March 26, 2003
It's funny in Kansas
Arts and Entertainment
By Katharine Mieszkowski
UNCLE SAM TEETERED atop a six-foot-tall unicycle, taking swigs from a can of motor oil. "I know driving the country to war drunk is dangerous," he slurred from his perch high above the sidewalk at the corner of Market and Grant on Friday afternoon. "But I don't want my habit to hurt anyone. I'm asking for support to get into a 12-step program to kick my oil addiction."
In one hand Uncle Sam brandished his greasy cocktail and a wavering American flag; in the other, three juggling pins he'd nicknamed "mini-nuke," "mother-of-all-bombs," and "shock and dismay." He veered all over the sidewalk, a pickled patriot on one wheel, burbling, "They keep telling me I ought to switch to biodiesel, but I can't get off the hard stuff."
The tottering unicyclist wore a red rubber clown nose; a top hat festooned with red, white, and blue rhinestones in the shape of the American flag; and a shirt emblazoned with a picture of Old Faithful. Beneath his hat a red-and-white-striped sun visor peeked out, and he periodically pulled it down over his eyes to illustrate that "Uncle Sam occasionally has trouble with being blinded by his ad-visors."
The drunk uncle's goal: "Liberate America to the Constitution," which he claimed was breached when U.S. troops went into Iraq. Like a Bible-thumping street preacher waving a religious tract, he held up a copy of the Constitution and the Bill of Rights and declaimed, "Go home and read them, and you too will be in shock and awe."
The political street theater over at Union Square was less clownish and more dirgelike. The cops had fenced off the square itself, apparently fearing protesters might make use of it to, say, safely assemble out of the way of traffic to publicly express their views.
Blocked from the square itself, a single-file line of 20 wailing women, most wearing black, marched solemnly, slowly along the periphery on the sidewalk as the bored-looking cops guarding the empty plaza looked on. The mourners in the mock funeral procession moaned and cried out, ringing bells and clanging chimes. In their labored procession, every step was an exaggeratedly heavy one. One woman carried a black umbrella, and the late afternoon wind blew it inside out, turning it into an awkward mess of spindly wires. Another displayed a sign that said, "Stop the United States of Aggression" on one side and "Drunk X-frat boy drives entire world into ditch" on the other.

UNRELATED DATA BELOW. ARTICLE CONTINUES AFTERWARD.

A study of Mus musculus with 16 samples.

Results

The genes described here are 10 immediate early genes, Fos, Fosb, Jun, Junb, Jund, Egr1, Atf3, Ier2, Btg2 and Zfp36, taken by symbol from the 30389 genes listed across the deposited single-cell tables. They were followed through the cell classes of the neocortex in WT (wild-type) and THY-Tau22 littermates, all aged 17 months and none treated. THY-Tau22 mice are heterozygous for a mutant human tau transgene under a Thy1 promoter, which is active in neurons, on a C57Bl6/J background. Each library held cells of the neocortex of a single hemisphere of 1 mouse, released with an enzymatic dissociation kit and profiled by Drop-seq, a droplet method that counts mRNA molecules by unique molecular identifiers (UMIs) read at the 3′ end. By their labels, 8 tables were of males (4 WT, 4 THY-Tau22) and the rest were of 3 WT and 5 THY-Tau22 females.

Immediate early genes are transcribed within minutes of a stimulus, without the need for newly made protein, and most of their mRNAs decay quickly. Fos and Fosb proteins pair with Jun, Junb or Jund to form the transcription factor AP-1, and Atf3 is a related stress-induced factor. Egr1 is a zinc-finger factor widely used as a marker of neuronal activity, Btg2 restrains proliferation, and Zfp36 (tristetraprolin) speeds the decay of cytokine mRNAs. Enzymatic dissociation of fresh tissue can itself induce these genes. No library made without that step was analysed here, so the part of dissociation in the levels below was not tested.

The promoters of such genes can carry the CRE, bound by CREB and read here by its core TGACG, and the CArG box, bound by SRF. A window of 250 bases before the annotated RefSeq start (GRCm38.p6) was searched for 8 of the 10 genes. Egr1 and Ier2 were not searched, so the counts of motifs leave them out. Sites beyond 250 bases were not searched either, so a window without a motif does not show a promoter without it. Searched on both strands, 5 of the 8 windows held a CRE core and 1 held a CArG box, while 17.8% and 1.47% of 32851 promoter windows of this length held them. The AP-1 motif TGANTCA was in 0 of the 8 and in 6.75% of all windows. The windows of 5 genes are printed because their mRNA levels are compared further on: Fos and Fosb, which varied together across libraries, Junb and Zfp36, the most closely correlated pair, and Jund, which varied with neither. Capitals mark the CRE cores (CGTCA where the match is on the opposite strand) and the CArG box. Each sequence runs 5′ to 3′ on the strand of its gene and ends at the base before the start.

The weeping women were from the American Friends Service Committee (www.afsc.org), a Quaker peace group that's raising money for humanitarian relief in Iraq. If Uncle Sam wanted you to read the Constitution, the wailing women wanted you to send the Iraqis soap. One weeper handed out a painful list of the basic supplies the group is seeking toothbrushes, wide-tooth combs, fingernail clippers, toothpaste, shampoo. It was fake funeral as fundraiser, or Wailing Women Gathering Hairbrushes for Peace.
For other protesters, the previous day, dissent took the form of the sun-salutation pose. On Thursday morning, as more-confrontational types got arrested for blocking the doors of Bechtel Corp., 22 yoga practitioners stretched and bent on mats splayed out across the street on the Beale Street sidewalk.
A yoga teacher exhorted her followers, "Breath in! I am peaceful. Breath out! I feel the earth." Was this supposed to set an example for the less enlightened souls in Washington, D.C.? Be your own peace, as it were? It could also have been a secret form of type A multitasking: unplug the war machine and work on your downward-dog pose at the same time! Namaste.
If tap dancers can click their heels on the pavement to tap into peace, taking a stand for "show tunes not war goons," and if Crafty Bitches Knitting for Peace can fight U.S. imperialism with their needles, is there anything short of a fistfight that can't be branded as a form of peaceful resistance? Got hobby? Well, take it out of the living room and into the streets.
Still, it's the serendipitous, unplanned street spectacles that take place when 1,600 arrests are under way that really steal the show. As police were struggling and failing to take the downtown stretch of Market Street back from protesters, a 22-year-old college student, who said his name was Clive, set up a chair and table he'd lifted from outside a Briazz and lounged insouciantly in the middle of the intersection of Market and Montgomery, giggling at the prim notice taped to the tabletop: "Briazz customers only."
You didn't have to see the trace of a smirk underneath the bandanna concealing Clive's mouth to know he was pleased with his nonpurchase. Who knew smashing the state was as fun as stealing patio furniture? A comrade-in-bandanna pulled another chair up to the table and announced that it came from McDonald's. A passing protester rummaged through his backpack to set their table with some oranges and hunks of chocolate. Sitting in the middle of the street with their corporate restaurant furniture gone bad, the two made an oddly restful tableau.
Clive put one sneaker up on the table and leaned back in his stolen chair, surveying the chaos of protest all around him. "It's a good spot to view what's going on," he said. "I don't like standing all day."